Robert White: Ethanol is One of Our Most Environmentally Sound Energy Options
The Associated Press wrote a factually flawed, biased article on ethanol and what they perceive to be the negative environmental impact of increased corn demand. The article uses disproven myths, skewed data, and outright fabrications to suggest that the Renewable Fuel Standard (RFS) and biofuels have not lived up to their promise. Here are the facts.
The AP article claims, "But rather than insisting that farmers report whenever they plow into virgin land, the government decided on a much murkier oversight method: Washington instead monitors the total number of acres of cropland nationwide. Local trends wash away when viewed at such a distance."
Current law strictly prohibits the conversion of sensitive ecosystems to cropland. The provisions of the Energy Independence and Security Act (EISA) require that corn and other feedstocks used to produce renewable fuels for the RFS may only be sourced from land that was actively engaged in agricultural production in 2007, the year of the bill's enactment. Feedstocks grown on land converted to cropland after 2007 would not qualify as "renewable biomass," and therefore biofuels produced from these feedstocks would not generate RIN credits for the RFS.
Additionally, EPA is required to annually evaluate whether the RFS is causing U.S. cropland to expand beyond the 2007 level of 402 million acres (the year the RFS was expanded). Each and every year, EPA has found that cropland has been below the 2007 baseline; and the 2012 cropland total was at its lowest point (384 million acres) since EPA began this annual analysis.
The AParticle claims, "The government's predictions of the benefits have proven so inaccurate that independent scientists question whether it will ever achieve its central environmental goal: reducing greenhouse gases."
In fact there are plenty of independent scientists who have found ethanol significantly reduces GHG emissions relative to gasoline. Other scientists have looked at the full range of ethanol's impacts on air, land, and water compared to gasoline and concluded that ethanol is superior. In just the last few years, scientists from Argonne National Laboratory, Purdue University, University of Nebraska, Michigan State University, Oak Ridge National Laboratory/Duke University, and University of Illinois-Chicago have published work documenting the GHG and environmental benefits of using ethanol. Even Richard Plevin of U.C. Berkeley, who is quoted in the article, was co-author of a paper entitled "Ethanol Can Contribute to Energy and Environmental Goals."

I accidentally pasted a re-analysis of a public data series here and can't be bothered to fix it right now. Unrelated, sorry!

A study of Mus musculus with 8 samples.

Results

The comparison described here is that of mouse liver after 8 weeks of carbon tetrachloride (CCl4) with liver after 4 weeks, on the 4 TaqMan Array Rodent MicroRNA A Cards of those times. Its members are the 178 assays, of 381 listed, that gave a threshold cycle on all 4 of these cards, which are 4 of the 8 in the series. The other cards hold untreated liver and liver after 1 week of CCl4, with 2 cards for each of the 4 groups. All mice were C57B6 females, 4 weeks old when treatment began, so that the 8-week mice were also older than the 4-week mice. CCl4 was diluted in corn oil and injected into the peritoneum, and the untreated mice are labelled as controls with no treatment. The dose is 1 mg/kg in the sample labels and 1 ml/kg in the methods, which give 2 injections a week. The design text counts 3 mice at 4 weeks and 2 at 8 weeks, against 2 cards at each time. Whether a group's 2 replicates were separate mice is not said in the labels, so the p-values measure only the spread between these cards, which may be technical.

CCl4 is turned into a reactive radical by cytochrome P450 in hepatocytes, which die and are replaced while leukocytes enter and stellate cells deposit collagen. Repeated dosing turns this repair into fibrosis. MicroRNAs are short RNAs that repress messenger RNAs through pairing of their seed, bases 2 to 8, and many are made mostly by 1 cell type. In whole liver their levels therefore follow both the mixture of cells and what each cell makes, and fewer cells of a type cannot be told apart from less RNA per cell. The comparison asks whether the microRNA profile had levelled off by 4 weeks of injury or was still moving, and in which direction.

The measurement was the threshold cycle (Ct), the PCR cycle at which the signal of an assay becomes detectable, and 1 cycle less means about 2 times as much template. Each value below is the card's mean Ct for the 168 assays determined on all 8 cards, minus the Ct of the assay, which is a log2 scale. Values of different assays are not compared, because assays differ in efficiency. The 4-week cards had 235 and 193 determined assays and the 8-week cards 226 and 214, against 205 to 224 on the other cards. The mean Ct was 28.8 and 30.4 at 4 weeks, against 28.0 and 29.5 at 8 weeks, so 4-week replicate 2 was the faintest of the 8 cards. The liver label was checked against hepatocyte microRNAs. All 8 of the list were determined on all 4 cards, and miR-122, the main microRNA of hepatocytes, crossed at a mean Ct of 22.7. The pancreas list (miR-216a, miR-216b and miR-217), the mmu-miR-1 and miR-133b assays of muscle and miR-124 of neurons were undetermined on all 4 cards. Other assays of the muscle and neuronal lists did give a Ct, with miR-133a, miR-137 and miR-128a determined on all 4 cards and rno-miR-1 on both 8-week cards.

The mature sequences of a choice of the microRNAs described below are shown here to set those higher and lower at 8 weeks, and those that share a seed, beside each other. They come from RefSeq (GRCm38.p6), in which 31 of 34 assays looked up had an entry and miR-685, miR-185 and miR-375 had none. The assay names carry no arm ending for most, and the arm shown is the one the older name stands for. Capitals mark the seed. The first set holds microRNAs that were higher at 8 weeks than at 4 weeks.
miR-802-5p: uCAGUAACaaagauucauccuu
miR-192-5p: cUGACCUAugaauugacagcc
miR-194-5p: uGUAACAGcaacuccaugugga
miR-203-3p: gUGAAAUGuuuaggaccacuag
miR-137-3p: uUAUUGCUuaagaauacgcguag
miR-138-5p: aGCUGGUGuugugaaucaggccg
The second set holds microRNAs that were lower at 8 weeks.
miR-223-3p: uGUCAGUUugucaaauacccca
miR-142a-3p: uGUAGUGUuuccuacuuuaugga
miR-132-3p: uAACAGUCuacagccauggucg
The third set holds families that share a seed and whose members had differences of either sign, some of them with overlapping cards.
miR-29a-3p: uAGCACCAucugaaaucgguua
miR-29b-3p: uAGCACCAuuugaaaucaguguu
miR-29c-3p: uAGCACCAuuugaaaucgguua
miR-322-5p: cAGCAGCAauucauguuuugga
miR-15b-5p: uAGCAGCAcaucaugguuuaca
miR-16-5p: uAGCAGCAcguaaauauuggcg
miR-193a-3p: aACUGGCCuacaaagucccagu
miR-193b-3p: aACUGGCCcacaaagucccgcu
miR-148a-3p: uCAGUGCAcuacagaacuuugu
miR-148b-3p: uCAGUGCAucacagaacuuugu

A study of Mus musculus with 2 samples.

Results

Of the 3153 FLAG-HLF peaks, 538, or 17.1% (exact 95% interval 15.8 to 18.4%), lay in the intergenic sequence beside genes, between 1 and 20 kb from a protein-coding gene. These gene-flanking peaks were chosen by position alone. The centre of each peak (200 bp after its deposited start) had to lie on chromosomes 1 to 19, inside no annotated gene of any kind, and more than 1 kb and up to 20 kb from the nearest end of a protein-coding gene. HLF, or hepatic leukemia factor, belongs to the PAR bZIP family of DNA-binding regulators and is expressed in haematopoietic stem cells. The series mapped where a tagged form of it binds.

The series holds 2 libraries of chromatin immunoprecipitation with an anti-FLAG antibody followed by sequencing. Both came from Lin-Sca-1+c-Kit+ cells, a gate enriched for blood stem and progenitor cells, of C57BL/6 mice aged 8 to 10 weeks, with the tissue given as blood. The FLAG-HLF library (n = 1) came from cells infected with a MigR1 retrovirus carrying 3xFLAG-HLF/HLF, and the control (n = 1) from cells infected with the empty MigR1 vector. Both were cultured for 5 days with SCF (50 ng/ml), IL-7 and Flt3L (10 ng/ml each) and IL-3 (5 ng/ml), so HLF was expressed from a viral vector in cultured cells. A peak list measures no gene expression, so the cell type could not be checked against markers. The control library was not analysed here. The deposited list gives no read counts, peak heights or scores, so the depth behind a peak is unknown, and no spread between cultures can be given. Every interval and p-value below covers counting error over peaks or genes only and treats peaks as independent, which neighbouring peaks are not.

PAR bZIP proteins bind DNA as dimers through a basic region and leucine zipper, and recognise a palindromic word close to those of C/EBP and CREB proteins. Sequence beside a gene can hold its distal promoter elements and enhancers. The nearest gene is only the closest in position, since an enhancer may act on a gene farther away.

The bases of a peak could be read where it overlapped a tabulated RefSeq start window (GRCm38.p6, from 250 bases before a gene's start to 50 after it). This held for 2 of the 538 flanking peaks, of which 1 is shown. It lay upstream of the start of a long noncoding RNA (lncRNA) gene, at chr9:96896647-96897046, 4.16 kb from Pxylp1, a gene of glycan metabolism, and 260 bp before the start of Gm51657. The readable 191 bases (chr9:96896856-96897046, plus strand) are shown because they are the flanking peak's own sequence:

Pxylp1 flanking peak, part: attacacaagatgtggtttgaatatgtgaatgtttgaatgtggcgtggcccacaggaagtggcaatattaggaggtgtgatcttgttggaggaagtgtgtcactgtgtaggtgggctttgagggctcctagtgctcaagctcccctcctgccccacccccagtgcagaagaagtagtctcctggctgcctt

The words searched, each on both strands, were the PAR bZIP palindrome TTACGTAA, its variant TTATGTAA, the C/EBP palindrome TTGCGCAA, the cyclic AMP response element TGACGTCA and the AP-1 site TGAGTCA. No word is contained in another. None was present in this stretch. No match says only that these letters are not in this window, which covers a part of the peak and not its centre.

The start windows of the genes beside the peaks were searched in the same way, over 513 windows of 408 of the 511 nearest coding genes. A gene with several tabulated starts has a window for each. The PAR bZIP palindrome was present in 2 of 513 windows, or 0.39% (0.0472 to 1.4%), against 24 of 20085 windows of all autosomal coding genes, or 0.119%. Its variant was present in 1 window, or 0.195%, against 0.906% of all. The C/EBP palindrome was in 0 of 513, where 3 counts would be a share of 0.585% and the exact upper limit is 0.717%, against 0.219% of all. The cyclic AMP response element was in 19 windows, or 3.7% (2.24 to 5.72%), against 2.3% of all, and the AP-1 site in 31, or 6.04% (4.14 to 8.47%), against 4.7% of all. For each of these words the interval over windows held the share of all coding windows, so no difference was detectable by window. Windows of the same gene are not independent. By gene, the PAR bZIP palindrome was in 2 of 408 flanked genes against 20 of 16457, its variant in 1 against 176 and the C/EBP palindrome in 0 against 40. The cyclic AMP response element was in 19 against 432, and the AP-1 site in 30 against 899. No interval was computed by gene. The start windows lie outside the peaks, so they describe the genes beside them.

The AP article claims, "It didn't take long for reality to prove the Obama administration's predictions wrong. The regulations took effect in July 2010. That September, corn passed $4, on its way to about $7, where it has been most of this year."
Corn prices have been above $7 a bushel only 49 days out of the 311 days so far this year-or 16% of the time. That's a far cry from "most of the year." In fact, corn prices have spent more days (66) this year under $5/bushel, and have recently traded as low as$4.20 a bushel.
On Dec. 19, 2007, the day President Bush signed the EISA into law, corn prices closed at $4.34 per bushel. By comparison, corn prices closed a recent trading session on Nov. 7, 2013 at $4.21 per bushel.
Additionally, the U.S. Department of Agriculture (USDA) recently issued a World Agricultural Supply and Demand (WASDE) report showing a 2% decrease in planted acreage compared to last year while at the same time estimating that the 2013 corn crop will achieve a new record of 13.99 billion bushels.
As you can see the story ignores the facts, but the larger problem is its utter lack of context. You can't count angels on the head of a pin for one industry and ignore others. Ethanol is certainly not a scorched earth industry, but if you want to see one, go and look at the fracking operation in North Dakota, or the ecological disaster awaiting Canada from leveling forests for tar sands!
Ethanol is reducing greenhouse gas emissions and as second generation biofuels come online this will only get better. It's time we take a step back and look at the bigger picture. Ethanol's carbon footprint is marginal, where conventional fossil based fuels' impact on the environment continues to be very significant. Our energy solutions need to be clean and inexpensive and this is exactly what ethanol is and other liquid fuels are not.
White is the Renewable Fuels Association's director of market development. He lives in Olathe.